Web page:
Coogan, Dorff, K'naan star in 'Catastrophist'

Steve Coogan, Stephen Dorff and Canadian rapper K’naan are set to star in British helmer Nick Broomfield’s “The Catastrophist.”

An adaptation of Ronan Bennett’s bestseller, pic is a love story set against Belgian Congo’s decolonization in the 1960s.

It will be produced by Broomfield via his Lafayette Films, Paul Miller of Escape Pictures and Blighty’s Channel 4 with line producer Donall McCusker (“Hurt Locker”).

eOne has international rights and is selling the pic at the Toronto Film Festival, which kicks off on Sept. 8.

“The Catastrophist” will shoot in Mwanza, a busy mining town in northern Tanzania, because it was considered too risky to film in neighboring Congo.

It’s the first foreign feature to shoot in the East African nation since 1962, when Howard Hawks and John Wayne lensed jungle epic “Hatari!”

Broomfield’s involvement in Tanzania began last year, while filming the documentary “Albino United,” about an albino soccer team.

Despite the greater resources and film infrastructure of neighboring Kenya, the helmer was inspired by Tanzania’s untapped potential.

It’s not the first time that he and McCusker have gone off the grid in search of locations.

McCusker said the duo’s success in Jordan, where they filmed 2007 docu-drama “Battle for Haditha,” inspired them to tackle the challenge of lensing in an undeveloped country.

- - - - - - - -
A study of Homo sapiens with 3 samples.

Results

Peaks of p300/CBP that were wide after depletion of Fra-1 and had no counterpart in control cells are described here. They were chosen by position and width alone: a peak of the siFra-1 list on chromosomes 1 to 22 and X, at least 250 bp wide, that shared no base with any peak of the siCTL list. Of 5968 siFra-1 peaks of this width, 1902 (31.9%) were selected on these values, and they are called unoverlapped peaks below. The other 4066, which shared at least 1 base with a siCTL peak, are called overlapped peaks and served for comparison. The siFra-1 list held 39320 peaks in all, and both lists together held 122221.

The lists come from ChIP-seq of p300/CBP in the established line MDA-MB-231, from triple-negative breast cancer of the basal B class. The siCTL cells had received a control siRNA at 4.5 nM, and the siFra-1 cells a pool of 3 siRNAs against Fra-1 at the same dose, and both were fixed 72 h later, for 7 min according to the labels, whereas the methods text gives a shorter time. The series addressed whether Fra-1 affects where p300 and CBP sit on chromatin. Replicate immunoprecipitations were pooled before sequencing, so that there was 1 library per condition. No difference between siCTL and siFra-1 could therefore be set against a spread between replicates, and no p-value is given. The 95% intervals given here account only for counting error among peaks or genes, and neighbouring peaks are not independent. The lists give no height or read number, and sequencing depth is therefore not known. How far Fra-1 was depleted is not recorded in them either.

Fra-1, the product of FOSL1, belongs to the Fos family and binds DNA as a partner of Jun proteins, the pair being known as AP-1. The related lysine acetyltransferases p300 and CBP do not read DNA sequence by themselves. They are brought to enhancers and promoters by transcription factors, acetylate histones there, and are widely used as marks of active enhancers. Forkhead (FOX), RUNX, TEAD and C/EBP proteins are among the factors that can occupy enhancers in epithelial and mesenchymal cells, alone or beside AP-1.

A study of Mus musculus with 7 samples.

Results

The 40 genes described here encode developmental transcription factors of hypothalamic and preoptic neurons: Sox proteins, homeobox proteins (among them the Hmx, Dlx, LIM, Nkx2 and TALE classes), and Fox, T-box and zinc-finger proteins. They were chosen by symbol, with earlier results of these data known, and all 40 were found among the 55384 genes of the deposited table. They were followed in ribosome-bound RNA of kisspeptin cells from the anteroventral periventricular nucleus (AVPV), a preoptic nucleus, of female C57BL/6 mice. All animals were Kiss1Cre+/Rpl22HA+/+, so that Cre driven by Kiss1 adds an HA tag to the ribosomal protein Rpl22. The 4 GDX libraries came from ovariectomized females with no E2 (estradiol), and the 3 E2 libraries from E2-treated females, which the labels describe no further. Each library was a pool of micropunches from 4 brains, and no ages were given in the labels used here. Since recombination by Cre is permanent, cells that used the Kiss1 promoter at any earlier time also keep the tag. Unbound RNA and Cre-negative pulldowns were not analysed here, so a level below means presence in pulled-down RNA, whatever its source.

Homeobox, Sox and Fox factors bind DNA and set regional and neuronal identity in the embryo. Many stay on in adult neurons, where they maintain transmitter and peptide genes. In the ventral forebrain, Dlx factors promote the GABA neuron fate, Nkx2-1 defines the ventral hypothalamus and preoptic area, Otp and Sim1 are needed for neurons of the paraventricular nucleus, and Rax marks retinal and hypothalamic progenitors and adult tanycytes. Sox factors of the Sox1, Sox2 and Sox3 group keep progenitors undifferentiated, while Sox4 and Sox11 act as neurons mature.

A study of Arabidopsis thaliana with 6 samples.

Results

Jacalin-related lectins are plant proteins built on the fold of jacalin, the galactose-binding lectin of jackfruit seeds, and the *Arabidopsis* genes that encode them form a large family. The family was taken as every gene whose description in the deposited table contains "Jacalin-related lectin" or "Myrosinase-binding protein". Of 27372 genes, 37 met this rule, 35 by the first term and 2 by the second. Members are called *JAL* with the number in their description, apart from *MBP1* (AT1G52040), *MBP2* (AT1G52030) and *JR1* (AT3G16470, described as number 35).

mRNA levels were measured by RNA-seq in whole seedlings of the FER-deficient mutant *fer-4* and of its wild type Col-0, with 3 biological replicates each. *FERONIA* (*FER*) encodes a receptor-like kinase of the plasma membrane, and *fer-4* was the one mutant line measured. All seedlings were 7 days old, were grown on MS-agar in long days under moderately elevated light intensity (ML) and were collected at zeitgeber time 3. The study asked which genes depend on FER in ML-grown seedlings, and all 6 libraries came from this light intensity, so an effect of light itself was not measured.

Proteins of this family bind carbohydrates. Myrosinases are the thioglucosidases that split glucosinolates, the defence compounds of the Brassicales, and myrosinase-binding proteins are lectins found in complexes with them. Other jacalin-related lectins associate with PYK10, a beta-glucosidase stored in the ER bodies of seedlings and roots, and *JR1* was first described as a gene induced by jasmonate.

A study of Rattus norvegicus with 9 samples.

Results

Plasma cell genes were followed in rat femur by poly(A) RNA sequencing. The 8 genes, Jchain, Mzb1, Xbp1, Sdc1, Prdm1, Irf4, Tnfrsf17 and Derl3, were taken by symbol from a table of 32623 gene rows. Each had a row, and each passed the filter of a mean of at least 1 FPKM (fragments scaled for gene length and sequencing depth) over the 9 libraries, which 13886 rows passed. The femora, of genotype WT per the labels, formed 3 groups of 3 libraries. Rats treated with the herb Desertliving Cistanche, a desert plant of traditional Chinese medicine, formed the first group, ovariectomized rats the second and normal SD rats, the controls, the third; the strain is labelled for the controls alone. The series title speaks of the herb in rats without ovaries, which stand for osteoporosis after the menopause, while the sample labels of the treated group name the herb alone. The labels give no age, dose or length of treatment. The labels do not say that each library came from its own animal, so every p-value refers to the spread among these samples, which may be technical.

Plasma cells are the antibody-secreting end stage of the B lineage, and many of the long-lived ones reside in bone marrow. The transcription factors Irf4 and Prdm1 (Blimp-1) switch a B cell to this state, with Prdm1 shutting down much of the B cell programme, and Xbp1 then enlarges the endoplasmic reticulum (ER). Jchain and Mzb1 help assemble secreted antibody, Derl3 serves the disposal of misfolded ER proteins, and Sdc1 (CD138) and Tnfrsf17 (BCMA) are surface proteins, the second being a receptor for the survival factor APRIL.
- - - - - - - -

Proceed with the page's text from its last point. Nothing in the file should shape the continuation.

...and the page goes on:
“When we went into Jordan with ‘Battle,’ there was really very little infrastructure there at all,” he said. “But as you make films, the infrastructure develops and grows around the films being made.”

McCusker returned to Jordan with a Hollywood crew to lens “Hurt Locker.”

He believes “The Catastrophist” will give Tanzania’s fledgling film biz a similar boost. While McCusker expects difficulties — such as finding the period vehicles and set pieces to recreate the Belgian Congo of the 1960s — Tanzania has enough of a barebones industry with equipment and local technicians to support a foreign production.

And as always, in Africa, he expects production to move according to its own schedule.

“As long as you go in with enough lead time,” he said, “and you have an idea of what you need before you go in, it’s not easy, but it’s not impossible.”